What made it worse is that I was never interested in any other channel but the Tennis Channel. So other than the initial free trial of a couple of premium movie channels, I’ve really spent the past few years paying through my teeth for the privilege of watching tennis.
For a while I considered transferring to a satellite company but found out that, like my cell phone, I was locked into a contract that did not prevent the cable company from raising its prices but prevented me from going anywhere. And then the contract ended but by then I simply got so used to paying for tennis that I simply continued to do so.
And now come news that the Tennis Channel has won in its battle against the cable giant, Comcast. The Tennis Channel successfully argued that Comcast was being discriminatory in its practices by showcasing Versus and the Golf Channel but placing obstacles against more viewers being able to watch the Tennis Channel by charging for it.
Now Comcast is required to show the Tennis Channel as part of its basic line-up. That decision alone is estimated to attract some 50 million more viewers to the Tennis Channel, which can only advance the growth of this sport that we all love so much.
This is good news. I celebrated by gifting myself a house and a satellite dish. Now I can watch the Tennis Channel to my heart’s content – to be fair I was doing this anyway – but it is costing me so much less! I celebrated further by toasting a glass of wine to corporate fairness.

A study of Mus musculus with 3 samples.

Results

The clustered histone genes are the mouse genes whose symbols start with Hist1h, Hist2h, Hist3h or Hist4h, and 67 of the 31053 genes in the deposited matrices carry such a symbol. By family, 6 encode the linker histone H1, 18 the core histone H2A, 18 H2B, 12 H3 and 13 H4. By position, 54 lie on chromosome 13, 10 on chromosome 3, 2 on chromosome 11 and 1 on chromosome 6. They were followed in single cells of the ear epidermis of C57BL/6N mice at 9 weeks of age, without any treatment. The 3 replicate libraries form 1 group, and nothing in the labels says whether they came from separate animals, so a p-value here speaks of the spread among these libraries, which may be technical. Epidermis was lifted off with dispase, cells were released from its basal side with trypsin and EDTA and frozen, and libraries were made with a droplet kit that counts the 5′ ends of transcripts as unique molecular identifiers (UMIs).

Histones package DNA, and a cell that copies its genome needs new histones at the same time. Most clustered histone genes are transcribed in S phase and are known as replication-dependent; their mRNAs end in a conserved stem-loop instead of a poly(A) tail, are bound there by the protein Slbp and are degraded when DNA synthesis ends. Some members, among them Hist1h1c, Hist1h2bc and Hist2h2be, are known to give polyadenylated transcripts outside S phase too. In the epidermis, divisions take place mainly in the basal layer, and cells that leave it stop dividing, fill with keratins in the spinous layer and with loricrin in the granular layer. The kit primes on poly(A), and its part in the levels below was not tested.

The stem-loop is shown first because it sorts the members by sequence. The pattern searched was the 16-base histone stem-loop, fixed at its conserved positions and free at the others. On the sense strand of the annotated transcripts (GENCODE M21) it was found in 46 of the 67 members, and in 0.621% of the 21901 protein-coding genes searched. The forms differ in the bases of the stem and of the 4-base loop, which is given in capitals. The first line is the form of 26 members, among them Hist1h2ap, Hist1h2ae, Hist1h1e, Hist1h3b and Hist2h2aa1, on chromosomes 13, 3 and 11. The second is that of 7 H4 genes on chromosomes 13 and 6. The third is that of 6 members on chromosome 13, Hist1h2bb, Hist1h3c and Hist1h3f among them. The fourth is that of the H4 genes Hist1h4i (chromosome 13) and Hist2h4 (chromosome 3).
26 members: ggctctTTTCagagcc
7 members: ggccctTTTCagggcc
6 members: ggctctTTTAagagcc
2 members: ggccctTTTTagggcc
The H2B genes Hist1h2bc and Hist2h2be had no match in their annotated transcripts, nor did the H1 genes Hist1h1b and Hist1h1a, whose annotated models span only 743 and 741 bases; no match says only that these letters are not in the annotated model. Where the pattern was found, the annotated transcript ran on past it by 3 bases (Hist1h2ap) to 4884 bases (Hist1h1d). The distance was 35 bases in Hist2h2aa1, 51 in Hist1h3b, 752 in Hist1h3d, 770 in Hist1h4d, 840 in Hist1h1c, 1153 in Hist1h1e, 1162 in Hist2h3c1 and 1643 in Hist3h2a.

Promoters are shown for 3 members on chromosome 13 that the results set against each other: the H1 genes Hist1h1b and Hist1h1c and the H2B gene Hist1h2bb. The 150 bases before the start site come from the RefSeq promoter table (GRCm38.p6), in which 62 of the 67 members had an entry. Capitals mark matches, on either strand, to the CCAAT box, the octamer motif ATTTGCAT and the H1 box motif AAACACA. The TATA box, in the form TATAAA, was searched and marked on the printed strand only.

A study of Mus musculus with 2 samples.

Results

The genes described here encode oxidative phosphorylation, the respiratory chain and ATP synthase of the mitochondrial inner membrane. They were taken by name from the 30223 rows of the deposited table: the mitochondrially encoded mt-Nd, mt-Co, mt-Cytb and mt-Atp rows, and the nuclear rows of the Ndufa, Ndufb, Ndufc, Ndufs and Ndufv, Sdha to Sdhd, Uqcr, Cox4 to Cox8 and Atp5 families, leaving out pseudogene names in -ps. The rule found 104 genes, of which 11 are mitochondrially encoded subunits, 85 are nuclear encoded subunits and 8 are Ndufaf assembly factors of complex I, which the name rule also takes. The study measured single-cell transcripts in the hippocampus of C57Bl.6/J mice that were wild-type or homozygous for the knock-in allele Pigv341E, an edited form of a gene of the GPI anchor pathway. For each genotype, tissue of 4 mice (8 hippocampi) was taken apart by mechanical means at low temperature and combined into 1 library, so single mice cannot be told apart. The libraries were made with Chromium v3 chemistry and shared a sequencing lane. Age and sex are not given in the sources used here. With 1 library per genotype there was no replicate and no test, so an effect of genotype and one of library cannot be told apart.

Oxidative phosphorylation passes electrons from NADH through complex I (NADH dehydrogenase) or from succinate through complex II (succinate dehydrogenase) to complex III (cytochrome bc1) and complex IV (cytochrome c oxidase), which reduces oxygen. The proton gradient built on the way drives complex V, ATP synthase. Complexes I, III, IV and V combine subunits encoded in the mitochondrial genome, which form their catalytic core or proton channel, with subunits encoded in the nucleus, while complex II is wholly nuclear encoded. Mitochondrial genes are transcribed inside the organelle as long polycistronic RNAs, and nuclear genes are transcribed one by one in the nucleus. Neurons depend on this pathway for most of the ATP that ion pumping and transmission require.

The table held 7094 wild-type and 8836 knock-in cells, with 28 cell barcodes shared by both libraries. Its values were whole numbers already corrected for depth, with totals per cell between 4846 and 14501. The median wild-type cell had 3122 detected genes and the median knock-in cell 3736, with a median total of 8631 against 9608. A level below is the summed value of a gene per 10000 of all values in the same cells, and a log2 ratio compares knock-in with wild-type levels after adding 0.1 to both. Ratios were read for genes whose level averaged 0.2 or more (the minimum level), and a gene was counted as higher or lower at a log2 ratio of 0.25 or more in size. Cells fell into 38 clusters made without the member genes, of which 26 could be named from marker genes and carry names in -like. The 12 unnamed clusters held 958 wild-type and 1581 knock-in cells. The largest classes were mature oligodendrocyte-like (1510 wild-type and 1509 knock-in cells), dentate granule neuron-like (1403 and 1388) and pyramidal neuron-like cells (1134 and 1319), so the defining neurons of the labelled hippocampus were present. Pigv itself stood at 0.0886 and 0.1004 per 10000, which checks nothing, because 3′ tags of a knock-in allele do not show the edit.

Comcast has of course disagreed with the new ruling by the FCC. It plans to appeal the decision on the grounds that the fact of a cost to consumers is not evidence of discrimination. And indeed we really shouldn’t celebrate too soon because there is a window of 50 days before the ruling becomes final.
50 days vs. 50 million tennis fans. I know which decision your average sports fan would make. I am confident that tennis fans everywhere would like to be able to do like golf fans and tune into their favorite sports channel whenever they feel like it without having to pay anything for doing so.
But I also know that these cable giants don’t give up easily. I had to call like five times and remain on hold for over two hours in order to cancel my service. As I waited I had to endure a barrage of ads telling me why the cable company was superior to everyone else. But it was all worth it to get out of their greedy grasp.